How Malaysia has learned nothing from Japan

JUNE 12 — Look to the East, our former and current prime minister said. We look but Malaysians have yet to listen.

It still upsets me that Malaysia is still on a pathway to building yet another car when Proton cannot truly be called a success.

We can go to the US or the UK and see people driving Hondas, Hyundais and Kias. But to spot a Proton in a first world country is nigh impossible besides that one time Jeremy Clarkson roasted a Malaysian car.

It is troubling how much our prime minister overestimates the capacity and spending power of our domestic market. We cannot sustain yet another national car, whatever he says.

Our decades of building (more like assembling) cars has not created a skilled, in-demand automative sector workforce.

We are not seen as innovators. To try and compare the Malaysian market and populace with the homogeneous ones in Japan and Korea is unrealistic.

Both countries have superior education systems, more mature economies and different cultural norms.

If the only thing we take from Japan is their building their own cars, it is really quite pointless. We have not, for instance, adopted the Japanese sense of honour and accountability.

In Malaysia, senior executives or statesmen do not resign when a grievous error is made. All you will get is a half-hearted apology and a poorly written press statement and maybe a poor underling or two getting fired.

When you hear “Made in Japan” you think quality or uniqueness. You hear “Made in Malaysia” and you wonder if it isn’t really “Made in China” but outsourced from Malaysia.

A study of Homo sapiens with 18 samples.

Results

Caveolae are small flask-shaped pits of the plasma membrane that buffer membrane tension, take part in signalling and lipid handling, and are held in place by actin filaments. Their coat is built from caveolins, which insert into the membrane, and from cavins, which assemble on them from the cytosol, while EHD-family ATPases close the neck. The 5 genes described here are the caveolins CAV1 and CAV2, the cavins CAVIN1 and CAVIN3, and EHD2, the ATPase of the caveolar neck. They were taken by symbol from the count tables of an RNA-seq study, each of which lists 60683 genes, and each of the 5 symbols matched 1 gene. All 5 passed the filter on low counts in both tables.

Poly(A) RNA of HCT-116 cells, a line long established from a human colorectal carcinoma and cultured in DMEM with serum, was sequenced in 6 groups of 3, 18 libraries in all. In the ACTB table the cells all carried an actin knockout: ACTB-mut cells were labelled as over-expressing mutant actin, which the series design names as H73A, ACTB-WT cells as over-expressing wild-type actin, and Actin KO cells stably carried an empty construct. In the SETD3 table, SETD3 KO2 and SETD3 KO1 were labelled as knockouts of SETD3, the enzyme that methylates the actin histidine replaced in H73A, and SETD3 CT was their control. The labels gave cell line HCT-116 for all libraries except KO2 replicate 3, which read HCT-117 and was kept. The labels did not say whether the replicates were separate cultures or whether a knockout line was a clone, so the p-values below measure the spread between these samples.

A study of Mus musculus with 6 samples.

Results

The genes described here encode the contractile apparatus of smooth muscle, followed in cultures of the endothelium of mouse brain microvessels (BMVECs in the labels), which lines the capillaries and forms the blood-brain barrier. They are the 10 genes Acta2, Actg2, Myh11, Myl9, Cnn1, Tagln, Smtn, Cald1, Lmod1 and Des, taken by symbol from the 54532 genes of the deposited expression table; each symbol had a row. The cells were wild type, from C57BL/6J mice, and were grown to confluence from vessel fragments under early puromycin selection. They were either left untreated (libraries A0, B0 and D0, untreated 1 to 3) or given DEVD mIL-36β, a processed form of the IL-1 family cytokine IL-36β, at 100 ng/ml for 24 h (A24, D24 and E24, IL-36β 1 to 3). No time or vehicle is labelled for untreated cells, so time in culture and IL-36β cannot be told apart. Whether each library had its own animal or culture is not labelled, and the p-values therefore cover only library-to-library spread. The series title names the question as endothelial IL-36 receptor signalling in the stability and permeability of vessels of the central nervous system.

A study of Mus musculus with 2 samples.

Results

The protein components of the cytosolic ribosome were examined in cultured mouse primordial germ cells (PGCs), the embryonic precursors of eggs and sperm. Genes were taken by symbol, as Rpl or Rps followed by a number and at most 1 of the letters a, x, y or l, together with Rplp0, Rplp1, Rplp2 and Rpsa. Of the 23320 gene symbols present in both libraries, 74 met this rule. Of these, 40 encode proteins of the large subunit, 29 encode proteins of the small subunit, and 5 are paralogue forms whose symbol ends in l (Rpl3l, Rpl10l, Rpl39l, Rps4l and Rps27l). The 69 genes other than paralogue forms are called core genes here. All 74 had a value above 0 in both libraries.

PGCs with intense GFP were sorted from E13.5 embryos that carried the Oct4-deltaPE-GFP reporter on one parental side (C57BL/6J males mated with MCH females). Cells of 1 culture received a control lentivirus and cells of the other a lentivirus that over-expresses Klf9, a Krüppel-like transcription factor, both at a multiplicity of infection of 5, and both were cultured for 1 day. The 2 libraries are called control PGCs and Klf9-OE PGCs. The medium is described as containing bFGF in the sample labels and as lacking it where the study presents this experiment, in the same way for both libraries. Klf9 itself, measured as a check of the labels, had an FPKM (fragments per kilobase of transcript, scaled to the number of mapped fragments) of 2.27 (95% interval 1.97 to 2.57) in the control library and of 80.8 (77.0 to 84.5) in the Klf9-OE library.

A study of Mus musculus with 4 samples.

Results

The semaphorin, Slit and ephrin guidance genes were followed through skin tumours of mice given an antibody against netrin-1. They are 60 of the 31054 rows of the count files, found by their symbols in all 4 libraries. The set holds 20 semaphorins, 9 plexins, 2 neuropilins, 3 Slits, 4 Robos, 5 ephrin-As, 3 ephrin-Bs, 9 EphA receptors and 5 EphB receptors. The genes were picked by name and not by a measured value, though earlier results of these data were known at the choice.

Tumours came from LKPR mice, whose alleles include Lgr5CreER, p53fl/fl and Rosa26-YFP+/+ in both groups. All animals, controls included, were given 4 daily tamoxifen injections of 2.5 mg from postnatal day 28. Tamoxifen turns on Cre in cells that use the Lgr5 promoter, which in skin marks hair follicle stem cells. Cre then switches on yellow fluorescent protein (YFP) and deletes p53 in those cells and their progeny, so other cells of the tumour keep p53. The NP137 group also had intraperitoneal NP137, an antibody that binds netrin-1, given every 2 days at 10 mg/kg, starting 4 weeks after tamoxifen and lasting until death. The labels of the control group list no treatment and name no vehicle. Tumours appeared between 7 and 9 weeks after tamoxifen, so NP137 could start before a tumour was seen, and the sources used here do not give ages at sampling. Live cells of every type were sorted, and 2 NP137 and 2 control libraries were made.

We cannot truly be great until we remove the things that prevent us from getting there — our preoccupation with tribalism, pork barrel politics, the national tidak apa (it doesn’t matter) culture and the general slipshod nature that is associated with the Malaysian way of doing things.

The tidak apa attitude can clearly be seen in the current Malaysian Airlines — oh how far it has fallen. Boarding is a mess with no proper boarding queues, there are no proper procedures to deal with cancelled flights and the MAS service counter is a nightmare from the 80s, poorly staffed and run.

When I missed a connecting flight transiting from Japan because of a plane fault, ANA staff was waiting for me when I landed, with both a new ticket and a free coach pass to get to the next airport where my new flight had been booked.

Contrast that to when the KLIA Express broke down a few weeks ago — instead of issuing me a direct refund, staff told me to get to KLIA on my own then “fill in a feedback form” there.

I had to witness a Vietnamese tourist close to tears at the KLIA Express counter as she had very little money left after paying for a ticket, and couldn’t even get a refund.

Don’t talk to me about cars when Malaysians have yet to understand the virtues of punctuality and efficient customer service.

It isn’t just Japan we can learn from — China is industrious, with the most sophisticated manufacturing supply chain in the world, Korea has made marketing its culture an art and Thailand’s economy has proven resilient even in times of political turmoil.

I love my country but sometimes it’s difficult to be proud of it; when we have politicians with limited imagination, tunnel vision and a knack for infighting and a populace forever keening over racial issues.

We can be better, we can do better. It’s time we start on that and not keep listening to the people who will make sure we go nowhere but backwards.

*This is the personal opinion of the columnist.